Feelings get you killed.
Filmmaker(s): Ed Harris

Two friends hired to police a small town that is suffering under the rule of a rancher find their job complicated by the arrival of a young widow.

Appalossa (2008)


Sometimes you can see the notes of the writer in a film.

It is as if he or she sat down with the intent of accomplishing certain things and wrote a story. But instead of the story, we still see the unerased list of goals. When the writer isn’t a real writer, but an actor, things are more likely to be transparent.

Here’s what Ed Harris wanted: some reference to good old western values, so he could inherit a whole world without having to write it. Then to induce some tension among four characters in the characters, not in the story.

The four characters are Harris, his sidekick, his wandering girlfriend and the town’s bad guy.

The western values? A haunted man. A code, a serious code of honour and allegiance, forged in the “Ford defines what it means to be American” tradition. Admiration behind the allegiance, driven by the power of the code centred in personality. Harris of course wrote this so he could be the centre of that cosmos of personality.

It is the devices that stand out unpolished. What Harris intended was that we ourselves would find each of these characters attractive in some way and repellent in others, thus giving us enough interest to seduce an audience. To accomplish this, he’s moving the observer, and what the observer thinks.

Our designated observer is the sidekick. We discover this in the first few seconds with a voice over narration, which reappears at the end as we close the book. It is through his eyes that we discover everything. He is not only in every scene that matters (except the one in the very beginning) but the camera and often the action emphasise that he is the watcher, a watcher that sometimes intercedes with his shotgun.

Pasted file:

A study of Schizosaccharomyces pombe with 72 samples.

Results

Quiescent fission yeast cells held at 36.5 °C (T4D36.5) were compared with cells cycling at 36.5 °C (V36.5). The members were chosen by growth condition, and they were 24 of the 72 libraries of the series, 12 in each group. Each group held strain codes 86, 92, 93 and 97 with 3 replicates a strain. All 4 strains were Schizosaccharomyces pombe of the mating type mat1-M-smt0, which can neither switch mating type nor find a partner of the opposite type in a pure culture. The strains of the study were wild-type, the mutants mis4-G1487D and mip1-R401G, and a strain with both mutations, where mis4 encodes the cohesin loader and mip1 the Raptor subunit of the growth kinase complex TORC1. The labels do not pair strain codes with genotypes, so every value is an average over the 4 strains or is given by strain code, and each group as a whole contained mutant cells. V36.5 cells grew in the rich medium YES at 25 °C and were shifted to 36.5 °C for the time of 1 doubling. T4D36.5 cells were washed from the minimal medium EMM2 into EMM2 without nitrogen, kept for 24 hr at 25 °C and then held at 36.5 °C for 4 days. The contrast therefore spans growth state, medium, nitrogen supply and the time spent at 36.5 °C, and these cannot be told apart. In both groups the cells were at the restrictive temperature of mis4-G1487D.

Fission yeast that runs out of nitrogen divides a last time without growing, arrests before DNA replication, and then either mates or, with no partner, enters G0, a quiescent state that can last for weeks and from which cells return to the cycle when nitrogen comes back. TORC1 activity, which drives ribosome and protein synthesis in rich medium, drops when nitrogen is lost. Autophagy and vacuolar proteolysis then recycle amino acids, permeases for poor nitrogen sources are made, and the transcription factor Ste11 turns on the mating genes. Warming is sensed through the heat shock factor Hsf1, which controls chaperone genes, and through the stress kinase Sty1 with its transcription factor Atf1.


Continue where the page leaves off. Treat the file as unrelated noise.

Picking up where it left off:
He is the writer. Harris is the ‘viewed’. There’s a particularly clumsy device used to emphasise this: Harris’ character often wishes to use a “big” word and stumbles, having to ask the writer.

The three in Harris’ orbit:

The town’s bad guy, who pretty much is unaltered from the template, except that we know he is the most educated guy on screen. The movie builds until we as the viewer cheer the writer on to intercede, vigilante-wise.

The side-kick, writer and observer who escapes the pull of Harris’ character at the end by embodying the code of honour more than he could. Its that honor that drives him. Watch how he watches and how key scenes are set up for him to watch.

The one deviation from the template is the girl, here played by an annoying Zellweger. Other than “Chicago” I just cannot understand why she is considered valuable. Anyway, the character is a sort of surrogate watcher, a mooneyed admirer. This is what I call folding, this structure where the watcher that is close to us (the sidekick) watches another watcher who is deeper in the story. (He himself has a watcher as well, a very effective whore.)

Now, the whole dynamic of the story concerns who she attaches herself to. She goes unerringly with the man who has the strongest narrative pull, which is to say the person who pulls the world and how the world works into themselves. With a but more work, or a real writer on the team, this could have been effective.

The score works.

Posted in 2008

Ted’s Evaluation — 2 of 3: Has some interesting elements.